Andrew Brown noticed that Pluck Site Life, a community software package for newspaper Web sites, handles obnoxious commenters in an unusual way: it enables moderators to put them in a ghetto where they see their own posts but nobody else can see them.

Here’s why it’s inhumane:

But in all these cases, the public punishment of bad comments serves to encourage better behaviour, which is what we ought to be trying to do. People go online to show off, and they will respond to incentives about what sort of behaviour gets them admired.

The Pluck method removes all that. The loonies are robbed of their dignity and don’t even know it. It is entirely corporate. It comes from the world of the Marching Morons, which is, increasingly, the world in which we discover we were living all along.

9 Comments

  1. I disagree. I think public punishment is exactly what they’re looking for, as proof that they’ve upset someone, somewhere with their stupidity. It’s how they know they’ve been successful. They don’t want anyone to admire their ingenuity, wit or wry commentary; they want to piss people off. That’s all they want. If nobody bites, they’ll get bored and move on.

    While I don’t think it would solve (or even affect) the problem of trolling in general, it sounds like a not-so-bad solution for a single site.

  2. I share rnb’s disagreement – not feeding trolls is the most effective way to get rid of them. Public “punishment” just doesn’t exist unless the threat of being kicked out of a community is real — what other effect could any website operator have on an abusive user?

    Unfortunately this leaves you powerless when the people either don’t like your site and want it to die (e.g. the political/religious fanatics) or actually seek out and enjoy the negative reactions. Ignoring them is a good start; what we need is something like the distributed spam lists where like-minded sites can share the information about the names & IPs which they’re blocking. Getting rid of anonymous comments is also starting to appear almost mandatory.

  3. I also disagree. It might be ‘inhumane’, but the traditional/’humane’ methods don’t work because that’s what the trolls come for. Trolls want attention, they want people to get mad, and they want to change things. By interacting with them, you’re incentivising them to keep trolling. This way, no-one can interact with them.

    And, of course, those obnoxious commenters who aren’t intentionally obnoxious will stop bothering anyone with their accidental obnoxiousness.

    What I find interesting is what happens when there’s a larger community that learns about this feature. How much angst will there be about having been ghetto’d? How many irritating calls to be reassured that they’re not will there be?

  4. I also disagree, I don’t even see how this is inhumane.

  5. hahahaha,

    i gotta agree with the other dis-agreers here. some people have no desire to be constructive members of a community. i’m assuming that the guy in the first blog post is projecting his own perspective of being an actual “decent human” onto others who’s motivations and incentive structures differ fundamentally from those that one would expect of “decent humans”.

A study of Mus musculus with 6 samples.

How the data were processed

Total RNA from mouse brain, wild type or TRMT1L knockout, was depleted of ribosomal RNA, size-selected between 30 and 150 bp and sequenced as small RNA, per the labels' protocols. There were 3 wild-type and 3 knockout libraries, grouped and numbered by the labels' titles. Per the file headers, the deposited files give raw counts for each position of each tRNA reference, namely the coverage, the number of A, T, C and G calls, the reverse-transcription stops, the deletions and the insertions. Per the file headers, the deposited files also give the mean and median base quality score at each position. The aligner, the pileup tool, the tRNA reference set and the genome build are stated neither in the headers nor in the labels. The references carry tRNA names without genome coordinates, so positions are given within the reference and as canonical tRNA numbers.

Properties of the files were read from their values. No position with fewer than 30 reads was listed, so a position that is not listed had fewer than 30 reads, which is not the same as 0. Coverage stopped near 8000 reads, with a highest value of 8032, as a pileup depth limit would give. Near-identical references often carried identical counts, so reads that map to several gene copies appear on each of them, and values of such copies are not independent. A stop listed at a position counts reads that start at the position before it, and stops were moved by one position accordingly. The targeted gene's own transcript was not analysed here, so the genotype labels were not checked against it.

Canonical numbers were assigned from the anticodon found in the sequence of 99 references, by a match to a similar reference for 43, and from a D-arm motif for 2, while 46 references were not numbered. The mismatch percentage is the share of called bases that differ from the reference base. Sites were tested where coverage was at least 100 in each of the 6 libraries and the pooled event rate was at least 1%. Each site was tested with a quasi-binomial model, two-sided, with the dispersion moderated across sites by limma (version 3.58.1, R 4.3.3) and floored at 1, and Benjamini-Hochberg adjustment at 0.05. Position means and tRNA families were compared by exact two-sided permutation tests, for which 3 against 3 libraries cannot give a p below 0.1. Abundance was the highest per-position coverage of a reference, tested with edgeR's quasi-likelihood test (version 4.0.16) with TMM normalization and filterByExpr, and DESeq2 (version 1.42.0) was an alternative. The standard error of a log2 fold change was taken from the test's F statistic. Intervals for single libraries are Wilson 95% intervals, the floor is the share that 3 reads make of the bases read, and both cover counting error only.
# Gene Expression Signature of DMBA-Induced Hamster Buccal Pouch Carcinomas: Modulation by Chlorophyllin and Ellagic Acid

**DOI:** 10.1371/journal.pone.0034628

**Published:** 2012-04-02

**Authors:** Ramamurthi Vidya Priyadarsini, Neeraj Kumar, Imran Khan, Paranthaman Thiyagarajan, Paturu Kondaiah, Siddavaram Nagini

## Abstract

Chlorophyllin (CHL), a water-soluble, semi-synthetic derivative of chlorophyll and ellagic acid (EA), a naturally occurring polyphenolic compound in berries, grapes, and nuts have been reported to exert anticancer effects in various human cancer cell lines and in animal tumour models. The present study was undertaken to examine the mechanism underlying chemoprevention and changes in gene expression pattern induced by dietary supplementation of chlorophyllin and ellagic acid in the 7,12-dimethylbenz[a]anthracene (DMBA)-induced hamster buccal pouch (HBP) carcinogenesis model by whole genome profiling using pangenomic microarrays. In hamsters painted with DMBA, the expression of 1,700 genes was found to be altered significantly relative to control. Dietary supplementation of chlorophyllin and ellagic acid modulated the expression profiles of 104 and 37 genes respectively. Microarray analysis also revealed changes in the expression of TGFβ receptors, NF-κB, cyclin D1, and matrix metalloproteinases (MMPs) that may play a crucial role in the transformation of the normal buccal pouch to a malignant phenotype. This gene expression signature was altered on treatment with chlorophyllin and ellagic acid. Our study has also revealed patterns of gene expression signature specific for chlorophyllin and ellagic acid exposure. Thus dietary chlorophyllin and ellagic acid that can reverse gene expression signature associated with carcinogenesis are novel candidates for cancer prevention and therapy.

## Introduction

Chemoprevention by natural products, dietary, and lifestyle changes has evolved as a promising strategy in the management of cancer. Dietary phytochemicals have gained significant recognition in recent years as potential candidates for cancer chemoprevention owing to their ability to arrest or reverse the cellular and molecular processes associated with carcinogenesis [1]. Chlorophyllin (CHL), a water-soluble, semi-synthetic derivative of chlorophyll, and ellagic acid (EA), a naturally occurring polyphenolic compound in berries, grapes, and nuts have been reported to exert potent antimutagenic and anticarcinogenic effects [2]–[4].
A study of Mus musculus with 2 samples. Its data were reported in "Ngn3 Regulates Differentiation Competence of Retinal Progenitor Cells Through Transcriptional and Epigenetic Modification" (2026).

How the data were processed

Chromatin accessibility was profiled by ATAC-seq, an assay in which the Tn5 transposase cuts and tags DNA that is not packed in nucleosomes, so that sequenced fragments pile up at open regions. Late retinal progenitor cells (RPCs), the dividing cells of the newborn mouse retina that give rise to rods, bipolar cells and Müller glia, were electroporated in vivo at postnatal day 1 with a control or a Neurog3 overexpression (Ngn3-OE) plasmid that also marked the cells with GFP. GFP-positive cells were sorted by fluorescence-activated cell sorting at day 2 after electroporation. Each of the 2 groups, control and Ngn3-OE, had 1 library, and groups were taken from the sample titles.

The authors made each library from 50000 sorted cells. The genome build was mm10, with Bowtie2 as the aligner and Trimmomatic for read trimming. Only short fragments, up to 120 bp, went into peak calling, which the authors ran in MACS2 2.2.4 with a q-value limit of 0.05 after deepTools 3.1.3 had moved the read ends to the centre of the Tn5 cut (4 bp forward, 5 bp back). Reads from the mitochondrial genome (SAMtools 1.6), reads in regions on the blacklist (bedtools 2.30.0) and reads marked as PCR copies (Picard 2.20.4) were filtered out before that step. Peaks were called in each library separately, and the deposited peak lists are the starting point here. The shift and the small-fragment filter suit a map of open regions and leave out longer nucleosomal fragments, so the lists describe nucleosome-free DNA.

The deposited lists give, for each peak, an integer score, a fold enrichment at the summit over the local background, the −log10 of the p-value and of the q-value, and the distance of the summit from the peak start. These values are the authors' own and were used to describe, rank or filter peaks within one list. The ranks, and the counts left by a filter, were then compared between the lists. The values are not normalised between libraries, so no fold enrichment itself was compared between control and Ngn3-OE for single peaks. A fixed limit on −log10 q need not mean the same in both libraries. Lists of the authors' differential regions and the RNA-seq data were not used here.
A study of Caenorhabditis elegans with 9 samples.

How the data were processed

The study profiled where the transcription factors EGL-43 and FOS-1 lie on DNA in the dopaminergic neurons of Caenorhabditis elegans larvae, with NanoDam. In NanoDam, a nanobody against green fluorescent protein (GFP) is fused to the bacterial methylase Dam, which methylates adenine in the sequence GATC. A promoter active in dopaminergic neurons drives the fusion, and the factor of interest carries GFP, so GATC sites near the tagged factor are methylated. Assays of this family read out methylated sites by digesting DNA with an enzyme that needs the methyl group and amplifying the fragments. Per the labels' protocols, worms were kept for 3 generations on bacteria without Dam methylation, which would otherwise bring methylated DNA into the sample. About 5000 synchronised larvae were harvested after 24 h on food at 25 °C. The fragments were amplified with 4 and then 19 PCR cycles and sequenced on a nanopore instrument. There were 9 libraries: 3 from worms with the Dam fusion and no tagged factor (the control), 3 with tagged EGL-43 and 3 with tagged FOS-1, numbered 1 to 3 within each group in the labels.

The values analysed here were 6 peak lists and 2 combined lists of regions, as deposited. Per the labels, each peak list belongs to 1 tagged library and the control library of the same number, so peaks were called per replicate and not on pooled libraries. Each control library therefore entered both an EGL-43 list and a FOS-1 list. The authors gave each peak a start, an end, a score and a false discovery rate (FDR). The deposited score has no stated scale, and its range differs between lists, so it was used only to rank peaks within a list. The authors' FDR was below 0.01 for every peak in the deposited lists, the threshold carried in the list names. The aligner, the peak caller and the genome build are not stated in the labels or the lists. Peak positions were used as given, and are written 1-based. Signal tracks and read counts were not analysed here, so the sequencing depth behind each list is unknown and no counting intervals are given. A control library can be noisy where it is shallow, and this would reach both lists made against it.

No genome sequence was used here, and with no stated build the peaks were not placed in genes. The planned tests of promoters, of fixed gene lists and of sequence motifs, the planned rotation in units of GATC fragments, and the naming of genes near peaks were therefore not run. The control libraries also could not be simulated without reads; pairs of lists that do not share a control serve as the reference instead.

it does suck to censor people, but at times, depending on your priorities, you simply have no choice. if our bodies were truly libertarian, we’d all have died of cancer before we ever got out of whatever mysterious womb that magically managed to survive long enough to attempt to gestate us. biology made its compromises to promote survival. perhaps, social systems must sometimes make their own as well.

  6. I’ll have to go with the crowd.

    There is a different between opinionated and obnoxious and trolls, flamers and spammers. Engaging with a troll or flamer to deliver “brutal and public moderation” is never going to achieve a positive outcome.

    If a community is only seen to consist of reasonable people, most folks will be reasonable. If they trolls and flamers realize no one is paying attention, they’ll either change their behavior, leave or continue to be ignored.

    As for the Slashdot method, you have to have your threshold set to zero in order to be a moderator. So, there is no way to moderate only the “good posters”, you have to moderate everyone and then other “meta-moderators” get to judge you on your moderations. Complicated, but it works.

    As for inhumane? Hardly. Waterboarding is inhumane. This is akin to sitting a misbehaving child in a timeout corner for 5 minutes until they apologize for whatever they did.

  7. As far as moderation goes, I’m not opposed to deleting comments or banning people. What I don’t like about this system is that it shuts people out of the system but doesn’t let them know they’ve been shut out. Yeah, it may take care of the worst of the worst, but it doesn’t give people who aren’t lost causes a chance to be rehabilitated. Hence, inhumane.

  8. All too many sites, such as Pandagon, use the monicker “troll” for anyone who disagrees with the author, or the majority of commenters.

    I’ve been called a troll there for agreeing with the author, but just not agreeing heartily enough.

    Sites like that are the rule, not the exception.

  9. A bunch of us suggested something like this for The Well a few years ago. I think it’s totally brilliant. I see your point, but I’m afraid I disagree, Rafe.